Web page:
Some say volatility, rather than debt, is the best way to think about risk as an investor, but Warren Buffett famously said that ‘Volatility is far from synonymous with risk.’ It’s only natural to consider a company’s balance sheet when you examine how risky it is, since debt is often involved when a business collapses. We note that PayPal Holdings, Inc. (NASDAQ:PYPL) does have debt on its balance sheet. But the more important question is: how much risk is that debt creating?
When Is Debt Dangerous?
Debt is a tool to help businesses grow, but if a business is incapable of paying off its lenders, then it exists at their mercy. Part and parcel of capitalism is the process of ‘creative destruction’ where failed businesses are mercilessly liquidated by their bankers. However, a more common (but still painful) scenario is that it has to raise new equity capital at a low price, thus permanently diluting shareholders. Having said that, the most common situation is where a company manages its debt reasonably well – and to its own advantage. The first thing to do when considering how much debt a business uses is to look at its cash and debt together.
See our latest analysis for PayPal Holdings
How Much Debt Does PayPal Holdings Carry?
As you can see below, PayPal Holdings had US$8.95b of debt, at June 2021, which is about the same as the year before. You can click the chart for greater detail. But on the other hand it also has US$12.4b in cash, leading to a US$3.45b net cash position.
A Look At PayPal Holdings’ Liabilities
Zooming in on the latest balance sheet data, we can see that PayPal Holdings had liabilities of US$41.3b due within 12 months and liabilities of US$11.6b due beyond that. On the other hand, it had cash of US$12.4b and US$4.02b worth of receivables due within a year. So its liabilities outweigh the sum of its cash and (near-term) receivables by US$36.5b.
Of course, PayPal Holdings has a titanic market capitalization of US$303.6b, so these liabilities are probably manageable. However, we do think it is worth keeping an eye on its balance sheet strength, as it may change over time. While it does have liabilities worth noting, PayPal Holdings also has more cash than debt, so we’re pretty confident it can manage its debt safely.
On top of that, PayPal Holdings grew its EBIT by 45% over the last twelve months, and that growth will make it easier to handle its debt. There’s no doubt that we learn most about debt from the balance sheet. But ultimately the future profitability of the business will decide if PayPal Holdings can strengthen its balance sheet over time. So if you want to see what the professionals think, you might find this free report on analyst profit forecasts to be interesting.
Finally, a business needs free cash flow to pay off debt; accounting profits just don’t cut it. While PayPal Holdings has net cash on its balance sheet, it’s still worth taking a look at its ability to convert earnings before interest and tax (EBIT) to free cash flow, to help us understand how quickly it is building (or eroding) that cash balance. Over the last three years, PayPal Holdings actually produced more free cash flow than EBIT. That sort of strong cash conversion gets us as excited as the crowd when the beat drops at a Daft Punk concert.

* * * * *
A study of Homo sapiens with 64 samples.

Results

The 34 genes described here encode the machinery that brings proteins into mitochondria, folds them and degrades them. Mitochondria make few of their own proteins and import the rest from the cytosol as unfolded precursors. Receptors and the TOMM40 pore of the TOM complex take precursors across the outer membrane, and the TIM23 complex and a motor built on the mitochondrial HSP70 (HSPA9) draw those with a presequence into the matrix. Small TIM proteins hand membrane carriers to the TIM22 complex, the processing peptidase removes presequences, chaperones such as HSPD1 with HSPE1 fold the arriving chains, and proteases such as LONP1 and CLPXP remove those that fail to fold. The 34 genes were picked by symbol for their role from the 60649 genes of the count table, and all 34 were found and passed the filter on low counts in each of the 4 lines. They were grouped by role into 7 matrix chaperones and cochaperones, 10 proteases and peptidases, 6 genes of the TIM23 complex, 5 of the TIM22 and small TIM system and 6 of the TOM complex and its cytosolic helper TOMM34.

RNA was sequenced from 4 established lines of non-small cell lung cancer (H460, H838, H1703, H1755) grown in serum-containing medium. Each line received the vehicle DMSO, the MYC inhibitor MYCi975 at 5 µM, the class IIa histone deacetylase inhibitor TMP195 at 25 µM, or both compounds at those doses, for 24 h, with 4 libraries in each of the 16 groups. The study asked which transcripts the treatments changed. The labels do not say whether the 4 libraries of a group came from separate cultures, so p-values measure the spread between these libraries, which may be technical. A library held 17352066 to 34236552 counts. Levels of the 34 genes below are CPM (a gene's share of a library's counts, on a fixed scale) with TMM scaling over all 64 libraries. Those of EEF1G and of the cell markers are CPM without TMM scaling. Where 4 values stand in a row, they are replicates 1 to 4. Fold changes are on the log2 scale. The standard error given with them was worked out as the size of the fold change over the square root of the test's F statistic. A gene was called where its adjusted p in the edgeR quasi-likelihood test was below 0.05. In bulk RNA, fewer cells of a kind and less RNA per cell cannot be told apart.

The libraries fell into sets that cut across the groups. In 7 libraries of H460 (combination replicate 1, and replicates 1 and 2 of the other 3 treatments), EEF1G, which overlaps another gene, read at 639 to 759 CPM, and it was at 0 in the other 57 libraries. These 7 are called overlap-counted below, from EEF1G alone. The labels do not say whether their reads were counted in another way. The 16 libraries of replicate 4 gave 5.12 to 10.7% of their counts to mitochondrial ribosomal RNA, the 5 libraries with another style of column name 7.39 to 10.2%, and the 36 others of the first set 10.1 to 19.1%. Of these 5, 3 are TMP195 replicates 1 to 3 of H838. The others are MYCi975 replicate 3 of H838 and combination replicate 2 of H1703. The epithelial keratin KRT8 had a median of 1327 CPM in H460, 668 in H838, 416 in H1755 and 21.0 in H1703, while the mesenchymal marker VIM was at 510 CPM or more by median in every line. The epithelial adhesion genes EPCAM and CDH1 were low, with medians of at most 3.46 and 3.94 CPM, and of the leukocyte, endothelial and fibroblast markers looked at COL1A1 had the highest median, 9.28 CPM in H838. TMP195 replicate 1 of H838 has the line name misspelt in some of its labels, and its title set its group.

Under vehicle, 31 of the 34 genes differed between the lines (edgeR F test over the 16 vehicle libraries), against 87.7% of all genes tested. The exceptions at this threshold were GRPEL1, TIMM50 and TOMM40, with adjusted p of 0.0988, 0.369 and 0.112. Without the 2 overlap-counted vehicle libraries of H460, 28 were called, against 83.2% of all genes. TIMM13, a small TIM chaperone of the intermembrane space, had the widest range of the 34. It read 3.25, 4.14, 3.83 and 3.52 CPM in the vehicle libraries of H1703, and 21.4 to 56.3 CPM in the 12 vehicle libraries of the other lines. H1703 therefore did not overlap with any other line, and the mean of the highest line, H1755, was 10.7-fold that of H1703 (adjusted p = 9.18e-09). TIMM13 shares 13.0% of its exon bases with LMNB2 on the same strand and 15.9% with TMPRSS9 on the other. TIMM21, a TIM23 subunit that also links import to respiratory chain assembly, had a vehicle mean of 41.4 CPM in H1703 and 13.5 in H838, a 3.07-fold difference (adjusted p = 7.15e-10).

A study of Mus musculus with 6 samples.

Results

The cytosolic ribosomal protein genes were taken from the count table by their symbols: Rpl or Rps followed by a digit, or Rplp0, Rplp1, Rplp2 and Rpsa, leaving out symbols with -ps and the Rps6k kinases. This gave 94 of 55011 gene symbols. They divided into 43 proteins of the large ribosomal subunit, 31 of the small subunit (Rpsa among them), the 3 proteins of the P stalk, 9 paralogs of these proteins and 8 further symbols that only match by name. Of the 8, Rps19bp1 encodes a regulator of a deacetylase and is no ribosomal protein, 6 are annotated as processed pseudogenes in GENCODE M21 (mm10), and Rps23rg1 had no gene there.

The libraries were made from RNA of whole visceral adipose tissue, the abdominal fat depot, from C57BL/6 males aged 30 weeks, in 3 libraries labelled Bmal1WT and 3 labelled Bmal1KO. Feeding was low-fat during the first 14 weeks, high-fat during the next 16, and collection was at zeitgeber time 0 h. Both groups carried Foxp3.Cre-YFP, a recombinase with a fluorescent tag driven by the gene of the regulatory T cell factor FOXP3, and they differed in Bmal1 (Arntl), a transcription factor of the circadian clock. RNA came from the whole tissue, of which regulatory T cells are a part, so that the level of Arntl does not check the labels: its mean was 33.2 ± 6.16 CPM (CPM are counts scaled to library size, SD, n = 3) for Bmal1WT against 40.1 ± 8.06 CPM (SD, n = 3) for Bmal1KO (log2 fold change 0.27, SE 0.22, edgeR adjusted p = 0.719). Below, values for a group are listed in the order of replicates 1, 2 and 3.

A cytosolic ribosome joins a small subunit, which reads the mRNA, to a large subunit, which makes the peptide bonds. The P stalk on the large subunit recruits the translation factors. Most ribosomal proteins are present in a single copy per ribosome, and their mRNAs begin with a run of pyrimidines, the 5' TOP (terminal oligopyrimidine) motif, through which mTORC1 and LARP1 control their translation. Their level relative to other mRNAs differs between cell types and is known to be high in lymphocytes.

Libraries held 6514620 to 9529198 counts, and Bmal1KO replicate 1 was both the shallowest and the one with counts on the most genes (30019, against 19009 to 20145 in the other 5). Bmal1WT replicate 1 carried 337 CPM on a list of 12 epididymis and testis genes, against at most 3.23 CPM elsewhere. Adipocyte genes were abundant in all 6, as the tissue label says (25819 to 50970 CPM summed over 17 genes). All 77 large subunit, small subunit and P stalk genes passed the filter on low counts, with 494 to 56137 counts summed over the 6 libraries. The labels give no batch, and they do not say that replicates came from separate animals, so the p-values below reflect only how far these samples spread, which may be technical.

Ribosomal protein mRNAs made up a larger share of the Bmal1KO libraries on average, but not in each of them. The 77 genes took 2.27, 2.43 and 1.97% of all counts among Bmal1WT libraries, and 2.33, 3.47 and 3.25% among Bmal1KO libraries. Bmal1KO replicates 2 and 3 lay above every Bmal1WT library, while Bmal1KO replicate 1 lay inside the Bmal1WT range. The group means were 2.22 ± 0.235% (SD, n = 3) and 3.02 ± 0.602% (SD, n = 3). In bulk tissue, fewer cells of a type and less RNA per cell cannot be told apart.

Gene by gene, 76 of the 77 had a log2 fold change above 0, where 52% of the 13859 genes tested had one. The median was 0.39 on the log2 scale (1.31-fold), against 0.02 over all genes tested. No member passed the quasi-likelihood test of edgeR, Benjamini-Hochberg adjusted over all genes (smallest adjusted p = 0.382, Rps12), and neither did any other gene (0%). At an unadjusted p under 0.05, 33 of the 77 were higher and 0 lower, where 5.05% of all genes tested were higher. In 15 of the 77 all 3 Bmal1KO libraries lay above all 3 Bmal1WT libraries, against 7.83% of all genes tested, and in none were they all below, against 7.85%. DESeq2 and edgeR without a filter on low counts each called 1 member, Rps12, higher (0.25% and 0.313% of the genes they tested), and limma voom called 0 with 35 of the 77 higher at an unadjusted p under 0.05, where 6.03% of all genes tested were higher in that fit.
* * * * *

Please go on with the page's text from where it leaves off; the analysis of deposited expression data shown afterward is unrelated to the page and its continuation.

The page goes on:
Although PayPal Holdings’s balance sheet isn’t particularly strong, due to the total liabilities, it is clearly positive to see that it has net cash of US$3.45b. The cherry on top was that in converted 171% of that EBIT to free cash flow, bringing in US$4.8b. So is PayPal Holdings’s debt a risk? It doesn’t seem so to us. The balance sheet is clearly the area to focus on when you are analysing debt. But ultimately, every company can contain risks that exist outside of the balance sheet. For example, we’ve discovered 2 warning signs for PayPal Holdings that you should be aware of before investing here.
If, after all that, you’re more interested in a fast growing company with a rock-solid balance sheet, then check out our list of net cash growth stocks without delay.
This article by Simply Wall St is general in nature. We provide commentary based on historical data and analyst forecasts only using an unbiased methodology and our articles are not intended to be financial advice. It does not constitute a recommendation to buy or sell any stock, and does not take account of your objectives, or your financial situation. We aim to bring you long-term focused analysis driven by fundamental data. Note that our analysis may not factor in the latest price-sensitive company announcements or qualitative material. Simply Wall St has no position in any stocks mentioned.